Cajal SP

Date: 
01/03/2014
Investigation Line: 

Abstract

American tegumentary leishmaniasis (ATL) is a group of zoonotic diseases caused by kinetoplastid flagellates of the genus Leishmania. A total of 66 patients diagnosed as positive ATL cases from northwest Argentina were included in this study. Leishmania stocks were isolated in vitro and analyzed over promastigote cultures sown on FTA through nested PCR and sequence of cytochrome b (cyt b). The molecular analysis resulted in the incrimination of L. (Viannia) braziliensis as the predominant species in the studied area, identifying two genotypes of L. (V.) braziliensis, 24 cases of Ab-1 cyt b and 41 cases of Ab-2 cyt b. One L. (V.) guyanensis strain was obtained from a traveler from the Brazilian Amazon. The prevalence of different genotypes was in agreement with previous studies, suggesting the necessity for new systems to study the genetic diversity in more detail. Most of the cases typified in this study were registered in the area of Zenta Valley (Orán, Hipólito Yrigoyen, and Pichanal cities), pointing a link between genotype and geographical origin of the sample. Sex and age distribution of the patients indicate that the transmission was predominantly associated with rural areas or rural activities, although the results might not exclude the possibility of peri-urban transmission. This work represents, so far, the largest isolation and molecular characterization of ATL cases in Argentina.

Date: 
01/09/2003
Investigation Line: 

Abstract

In a study, carried out in 2000, of the clinical and parasitological status of a Wichi Aboriginal community living in the suburbs of Tartagal, northern Salta, Argentina, 154 individuals were screened for parasitic infections. Ninety-five faecal samples were also obtained from the same population. Ninety-three percent of the subjects were positive for 1 or more of the parasites investigated by direct test and 70.5% of them had parasitic superinfection. The most frequent helminths were Strongyloides stercoralis (50.5%) and hookworm (47.4%). We found low reinfection rates and a long reinfection period after treatment and provision of safe water and sanitation. Serum reactivity of these patients was analysed by enzyme-linked immunosorbent assay and indirect immunofluorescent assay and 22.1% of them had anti-Toxocara antibodies, 16.2% were positive for a complex antigen of Leishmania braziliensis, 29.9% were positive for a complex Trypanosoma cruzi antigen, and 17.5% were positive for a specific Trypanosoma cruzi antigen, Ag 163B6/cruzipain.

Date: 
01/01/2003
Investigation Line: 

Abstract

The aims of this study were to characterize human American tegumentary leishmaniasis, which includes cutaneous, mucocutaneous and mucosal leishmaniasis, in Northwest Argentina, to determine the prevalence of double infection with Trypanosoma cruzi and to identify the species of Leishmania in this area. Most of the 330 leishmaniasis patients presented cutaneous ulcers (96.1%), 2.4% mucocutaneous and 1.5% the mucosal form ('espundia'). The aetiological agents, determined by isoenzyme electrophoresis, were identified as Leishmania (Viannia) braziliensis in 16 out of 20 isolates and in the remaining 4 as Leishmania (Leishimania) amazonensis, the first ever-documented in Argentina. Sera analysed by ELISA and IFA using complex antigen from both T. cruzi and L. braziliensis showed a very high percentage of positives (66.3-78.2%). When antigens for specific diagnosis of Chagas' disease were used, 40.9% of the leishmaniasis patients were also found to be infected by T. cruzi. These results indicate that the strong immune response against T. cruzi gave no protection to Leishmania, in spite of the serological cross-reaction between these parasites. In addition, we showed that more than 40% of the patients would be misdiagnosed as chagasic if complex antigens, as epimastigotes or soluble fraction from epimastigotes, were used in IFA or ELISA. This is of paramount importance not only because patients' treatment would be associated to misdiagnosis but the fact that in many countries in Central and South America, a positive test for Chagas' disease means a rejection for those seeking employment.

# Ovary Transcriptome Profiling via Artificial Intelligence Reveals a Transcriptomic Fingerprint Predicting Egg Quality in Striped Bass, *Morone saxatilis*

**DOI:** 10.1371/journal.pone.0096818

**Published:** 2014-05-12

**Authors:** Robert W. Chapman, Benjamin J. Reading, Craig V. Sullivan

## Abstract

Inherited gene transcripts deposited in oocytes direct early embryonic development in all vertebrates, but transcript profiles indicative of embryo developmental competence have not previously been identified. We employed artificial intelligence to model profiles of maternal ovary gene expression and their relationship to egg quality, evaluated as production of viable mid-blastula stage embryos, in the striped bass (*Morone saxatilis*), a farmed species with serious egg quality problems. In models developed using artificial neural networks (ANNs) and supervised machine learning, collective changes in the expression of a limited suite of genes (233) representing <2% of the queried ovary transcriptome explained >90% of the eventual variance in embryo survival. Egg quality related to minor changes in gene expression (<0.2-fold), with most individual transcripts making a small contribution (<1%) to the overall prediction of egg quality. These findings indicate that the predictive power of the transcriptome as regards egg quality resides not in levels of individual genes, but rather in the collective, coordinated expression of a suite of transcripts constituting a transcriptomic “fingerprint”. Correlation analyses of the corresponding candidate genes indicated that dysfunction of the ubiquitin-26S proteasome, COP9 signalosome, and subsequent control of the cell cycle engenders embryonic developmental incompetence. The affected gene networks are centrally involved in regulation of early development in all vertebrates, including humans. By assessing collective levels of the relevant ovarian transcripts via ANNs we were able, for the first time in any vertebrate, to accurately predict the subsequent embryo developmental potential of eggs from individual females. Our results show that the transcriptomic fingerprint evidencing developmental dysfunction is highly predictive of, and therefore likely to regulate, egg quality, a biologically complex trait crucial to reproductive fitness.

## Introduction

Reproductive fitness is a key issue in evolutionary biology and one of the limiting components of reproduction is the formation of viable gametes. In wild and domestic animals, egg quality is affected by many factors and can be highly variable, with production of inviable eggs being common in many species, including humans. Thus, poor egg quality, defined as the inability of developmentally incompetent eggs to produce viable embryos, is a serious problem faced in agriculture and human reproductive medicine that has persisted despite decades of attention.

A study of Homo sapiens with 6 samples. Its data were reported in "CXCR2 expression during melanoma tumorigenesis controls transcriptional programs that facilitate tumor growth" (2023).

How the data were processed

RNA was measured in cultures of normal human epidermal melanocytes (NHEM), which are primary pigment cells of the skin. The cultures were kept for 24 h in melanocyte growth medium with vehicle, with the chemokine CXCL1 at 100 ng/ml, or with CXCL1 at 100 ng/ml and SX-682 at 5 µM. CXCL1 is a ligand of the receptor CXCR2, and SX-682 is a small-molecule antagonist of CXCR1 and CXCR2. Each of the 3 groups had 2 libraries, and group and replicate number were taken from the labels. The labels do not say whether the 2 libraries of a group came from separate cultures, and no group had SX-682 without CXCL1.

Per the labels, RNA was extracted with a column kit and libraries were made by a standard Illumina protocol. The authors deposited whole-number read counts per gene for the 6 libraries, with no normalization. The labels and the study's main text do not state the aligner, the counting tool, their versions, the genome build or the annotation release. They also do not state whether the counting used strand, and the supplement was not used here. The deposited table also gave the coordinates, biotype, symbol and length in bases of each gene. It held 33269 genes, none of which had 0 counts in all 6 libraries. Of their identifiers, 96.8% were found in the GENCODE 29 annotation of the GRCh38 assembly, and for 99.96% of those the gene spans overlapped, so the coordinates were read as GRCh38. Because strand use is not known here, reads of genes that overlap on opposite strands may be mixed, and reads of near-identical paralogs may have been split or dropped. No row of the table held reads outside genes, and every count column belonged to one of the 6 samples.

Date: 
01/01/2000
Investigation Line: 

Abstract

Toxocara canis and Ancylostoma spp. are geohelmints that parasites dogs and can eventually affect humans, mainly children, causing visceral and cutaneous larva migrans respectively, constituting a serious public health problem. This study was carried out in two towns located in the xerophilous forest Chaco salteño where humans live closely with many animals, including dogs. Hematological values and anti-Toxocara canis antibodies, determined by ELISA in serum, were evaluated in 98 children from this area. Thirty-six children presented with eosinophilia of 10% or higher in peripheral blood. Twenty out of 98 (20.4%) children had antibodies against antigen from L2 larvae of Toxocara canis. A high percentage (55.6%) of the children with eosinophilia presented anti-Toxocara canis antibodies. Nine children had multiple serpiginous lesions typical of cutaneous larva migrans. Feces from dogs were collected in the area where children lived, in order to search for parasite contamination. Three different techniques of stool examination were employed and eggs were counted. Out of the 106 feces examined, parasites were found in 82 samples (77.4%). Ancylostoma spp eggs were found in 74 (69.8%) samples and eggs from Toxocara canis were found in 19 (17.2%). The average number of T. canis and Ancylostoma spp eggs/gr of feces, were 200 and 3,871 respectively. Giardia spp (14.5%), Trichuris vulpis (7.6%), Genus Endamoeba (2.8%) and Taenia spp (1.9%) were also identified in the stools. Sanitary control and health education in order to control these parasitoses are emphasized.